A teen-ager believed to be a leading member of the Anonymous and LulzSec online activist groups appeared in a London court Monday charged with hacking offences.
Security experts say Lulz Security (LulzSec) emerged from Anonymous, a hacker activist group which became well-known for targeting companies and institutions that opposed WikiLeaks and its founder Julian Assange.
Here is a timeline of hacking group LulzSec since May.
May 7 - Fox's "X Factor" contestant database breached.
May 10 - Fox.com sales database hacked and made public.
May 15 - LulzSec leaks details of hundreds of ATMs in Britain.
May 23 - Hacks Sonymusic.co.jp database.
May 30 - Defaces website of the U.S. Public Broadcasting System television network, posts fake article claiming deceased rapper Tupac is alive and living in New Zealand. LulzSec also leaks various databases from the PBS.org website.
June 2 - Leaks a number of databases the group said it stole from internal Sony websites and networks.
June 3 - Hacks into Federal Bureau of Investigation affiliate Infragard Atlanta and posts user database on LulzSec website, along with emails belonging to a group member.
June 6 - Publishes Sony BMG internal network maps and source code from the Sony Computer Entertainment Developer Network.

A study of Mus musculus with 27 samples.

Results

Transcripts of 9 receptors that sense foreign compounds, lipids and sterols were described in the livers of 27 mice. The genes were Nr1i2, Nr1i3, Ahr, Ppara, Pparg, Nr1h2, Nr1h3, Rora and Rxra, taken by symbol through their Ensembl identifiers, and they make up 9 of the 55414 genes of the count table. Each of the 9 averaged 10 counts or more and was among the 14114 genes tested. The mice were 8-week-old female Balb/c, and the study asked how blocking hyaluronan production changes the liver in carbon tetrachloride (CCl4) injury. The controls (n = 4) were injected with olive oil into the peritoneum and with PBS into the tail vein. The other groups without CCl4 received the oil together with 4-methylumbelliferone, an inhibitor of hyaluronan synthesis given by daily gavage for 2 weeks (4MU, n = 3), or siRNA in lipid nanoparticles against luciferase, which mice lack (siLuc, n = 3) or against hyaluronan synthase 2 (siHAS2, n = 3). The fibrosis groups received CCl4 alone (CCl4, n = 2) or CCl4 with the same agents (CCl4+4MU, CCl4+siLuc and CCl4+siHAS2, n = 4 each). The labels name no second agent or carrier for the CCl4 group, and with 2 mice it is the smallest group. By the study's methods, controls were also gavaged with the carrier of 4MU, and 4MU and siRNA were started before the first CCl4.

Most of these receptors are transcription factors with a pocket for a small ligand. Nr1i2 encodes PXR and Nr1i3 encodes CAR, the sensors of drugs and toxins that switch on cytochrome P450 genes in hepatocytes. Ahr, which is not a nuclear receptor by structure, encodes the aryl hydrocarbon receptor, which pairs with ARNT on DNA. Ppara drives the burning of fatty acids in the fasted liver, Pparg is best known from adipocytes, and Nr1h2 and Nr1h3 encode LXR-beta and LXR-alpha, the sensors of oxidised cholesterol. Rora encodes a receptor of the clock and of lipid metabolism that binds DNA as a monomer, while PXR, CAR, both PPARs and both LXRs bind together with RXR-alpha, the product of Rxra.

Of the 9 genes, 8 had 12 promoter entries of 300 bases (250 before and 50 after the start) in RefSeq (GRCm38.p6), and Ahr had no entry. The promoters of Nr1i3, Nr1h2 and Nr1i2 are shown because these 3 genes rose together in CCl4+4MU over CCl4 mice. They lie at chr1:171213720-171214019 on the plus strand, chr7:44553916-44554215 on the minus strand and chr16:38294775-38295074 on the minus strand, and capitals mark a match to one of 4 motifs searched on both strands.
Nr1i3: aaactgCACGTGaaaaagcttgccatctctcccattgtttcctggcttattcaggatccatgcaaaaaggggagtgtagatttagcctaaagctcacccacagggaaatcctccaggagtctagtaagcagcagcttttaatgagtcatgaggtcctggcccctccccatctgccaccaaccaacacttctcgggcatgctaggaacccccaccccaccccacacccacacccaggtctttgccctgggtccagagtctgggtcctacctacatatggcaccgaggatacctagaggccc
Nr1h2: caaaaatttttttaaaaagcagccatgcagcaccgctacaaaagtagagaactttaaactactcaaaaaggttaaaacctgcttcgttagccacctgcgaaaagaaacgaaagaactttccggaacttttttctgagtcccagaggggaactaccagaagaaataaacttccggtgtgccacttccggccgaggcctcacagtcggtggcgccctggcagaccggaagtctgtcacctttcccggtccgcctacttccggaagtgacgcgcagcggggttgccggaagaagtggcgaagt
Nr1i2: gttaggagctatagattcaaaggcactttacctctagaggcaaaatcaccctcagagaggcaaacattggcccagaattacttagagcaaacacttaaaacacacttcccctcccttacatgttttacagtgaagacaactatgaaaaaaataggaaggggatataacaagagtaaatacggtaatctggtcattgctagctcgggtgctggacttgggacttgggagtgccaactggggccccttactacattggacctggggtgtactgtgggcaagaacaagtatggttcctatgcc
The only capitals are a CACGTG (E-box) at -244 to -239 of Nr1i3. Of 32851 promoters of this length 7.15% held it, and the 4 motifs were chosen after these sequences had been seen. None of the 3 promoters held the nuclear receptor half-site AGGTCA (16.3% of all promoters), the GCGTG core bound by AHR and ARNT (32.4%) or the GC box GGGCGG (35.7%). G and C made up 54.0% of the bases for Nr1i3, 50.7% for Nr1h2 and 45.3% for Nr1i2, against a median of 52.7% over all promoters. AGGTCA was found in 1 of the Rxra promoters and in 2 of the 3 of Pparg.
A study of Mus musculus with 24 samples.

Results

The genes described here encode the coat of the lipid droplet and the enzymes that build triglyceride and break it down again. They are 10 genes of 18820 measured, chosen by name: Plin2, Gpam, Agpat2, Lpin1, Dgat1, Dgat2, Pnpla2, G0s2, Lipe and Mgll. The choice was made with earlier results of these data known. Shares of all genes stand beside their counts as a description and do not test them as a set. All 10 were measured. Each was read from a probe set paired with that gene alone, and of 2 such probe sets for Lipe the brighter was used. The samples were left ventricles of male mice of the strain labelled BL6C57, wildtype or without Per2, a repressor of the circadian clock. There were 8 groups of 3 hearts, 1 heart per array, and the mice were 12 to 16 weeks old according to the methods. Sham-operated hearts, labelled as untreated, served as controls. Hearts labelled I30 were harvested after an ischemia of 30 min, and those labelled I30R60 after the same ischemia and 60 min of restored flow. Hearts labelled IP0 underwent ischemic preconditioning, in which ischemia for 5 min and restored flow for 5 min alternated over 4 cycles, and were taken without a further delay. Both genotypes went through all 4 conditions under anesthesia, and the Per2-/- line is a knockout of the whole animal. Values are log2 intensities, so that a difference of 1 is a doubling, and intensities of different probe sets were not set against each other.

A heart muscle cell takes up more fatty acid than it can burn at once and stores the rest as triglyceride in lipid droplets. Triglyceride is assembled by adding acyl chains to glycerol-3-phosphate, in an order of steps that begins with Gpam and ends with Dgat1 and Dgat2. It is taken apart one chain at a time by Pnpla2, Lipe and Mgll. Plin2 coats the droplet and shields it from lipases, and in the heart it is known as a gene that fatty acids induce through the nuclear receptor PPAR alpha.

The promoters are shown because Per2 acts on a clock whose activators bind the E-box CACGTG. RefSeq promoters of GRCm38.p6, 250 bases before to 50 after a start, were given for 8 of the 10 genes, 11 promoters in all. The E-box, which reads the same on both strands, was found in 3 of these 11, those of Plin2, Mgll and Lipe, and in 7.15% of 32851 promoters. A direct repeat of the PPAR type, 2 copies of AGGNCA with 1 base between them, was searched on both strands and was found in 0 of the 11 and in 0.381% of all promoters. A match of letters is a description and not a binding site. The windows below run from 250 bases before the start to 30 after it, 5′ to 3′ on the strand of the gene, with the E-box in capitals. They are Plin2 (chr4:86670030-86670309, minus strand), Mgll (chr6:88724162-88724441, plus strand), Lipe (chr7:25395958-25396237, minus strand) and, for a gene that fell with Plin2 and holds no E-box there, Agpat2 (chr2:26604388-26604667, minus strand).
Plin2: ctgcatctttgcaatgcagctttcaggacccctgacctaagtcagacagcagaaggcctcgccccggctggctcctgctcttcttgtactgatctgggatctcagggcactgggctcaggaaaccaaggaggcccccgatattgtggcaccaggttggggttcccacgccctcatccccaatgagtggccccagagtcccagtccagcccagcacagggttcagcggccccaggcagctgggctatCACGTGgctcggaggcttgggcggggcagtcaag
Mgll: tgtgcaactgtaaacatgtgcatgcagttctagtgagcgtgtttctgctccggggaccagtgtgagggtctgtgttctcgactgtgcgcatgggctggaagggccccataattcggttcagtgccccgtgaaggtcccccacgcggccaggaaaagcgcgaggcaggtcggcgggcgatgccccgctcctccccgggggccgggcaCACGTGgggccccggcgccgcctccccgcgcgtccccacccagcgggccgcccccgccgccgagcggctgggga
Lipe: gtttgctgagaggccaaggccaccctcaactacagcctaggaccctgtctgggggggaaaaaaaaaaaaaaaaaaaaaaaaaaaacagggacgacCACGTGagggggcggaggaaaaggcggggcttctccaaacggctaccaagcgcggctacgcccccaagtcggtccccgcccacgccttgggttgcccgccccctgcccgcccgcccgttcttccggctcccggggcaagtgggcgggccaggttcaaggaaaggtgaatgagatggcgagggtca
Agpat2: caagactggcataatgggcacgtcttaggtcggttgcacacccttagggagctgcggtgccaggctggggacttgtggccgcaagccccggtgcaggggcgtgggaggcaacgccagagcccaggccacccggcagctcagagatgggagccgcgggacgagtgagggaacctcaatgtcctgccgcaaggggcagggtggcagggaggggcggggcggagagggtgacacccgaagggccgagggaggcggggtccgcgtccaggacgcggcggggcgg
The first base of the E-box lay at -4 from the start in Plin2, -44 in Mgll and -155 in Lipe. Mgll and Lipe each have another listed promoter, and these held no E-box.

June 10 - LulzSec makes public 26,000 usernames and passwords for adult websites.
June 13 - Releases internal data from a U.S. Senate website after hacking its server. Also hacks the Web server of maker of online game Brink. LulzSec releases internal data and claims to have details of 200,000 Brink players.
June 16 - LulzSec claims responsibility for bringing down the public website of the Central Intelligence Agency. On the same day, the group releases 62,000 random email addresses and passwords without saying where they came from.
June 19 - Launches Operation Anti-Security -- the main aim is to steal and make public any sensitive government information including emails.
June 20 - Attacks website of British police Serious Organized Crime Unit (SOCA), temporarily making it inaccessible via the Web.
June 23 - Ryan Cleary is charged by British police, a day after he was arrested for recent attacks on websites. He is accused of attacking the SOCA website and sites owned by the British Phonographic Industry and the international Federation of the Phonographic Industry. LulzSec denied Cleary belongs to the group. The group did claim the attack on SOCA.
June 25 - LulzSec announces it is disbanding with one last data dump, which included internal AOL Inc and AT&T documents.
July 19 - Rupert Murdoch's British newspaper group, News International, tell staff to change passwords, after hackers attacked the website of his tabloid The Sun.
-- Hackers on July 25 redirected The Sun's online readers to a fake page which reported Murdoch was dead. LulzSec take responsibility in messages posted via the social networking site Twitter and say they are preparing more online assaults.
July 27 - British police arrest a teen-ager believed to be a leader of computer hacking groups. Police say the man, who goes by the hacker nickname "Topiary," is believed to have controlled the main Twitter account of LulzSec, which the group used to publish data obtained by hacking.
August 1 - Jake Davis, known as, "Topiary," appears in court charged with five offences. He is released on bail and will have no Internet access.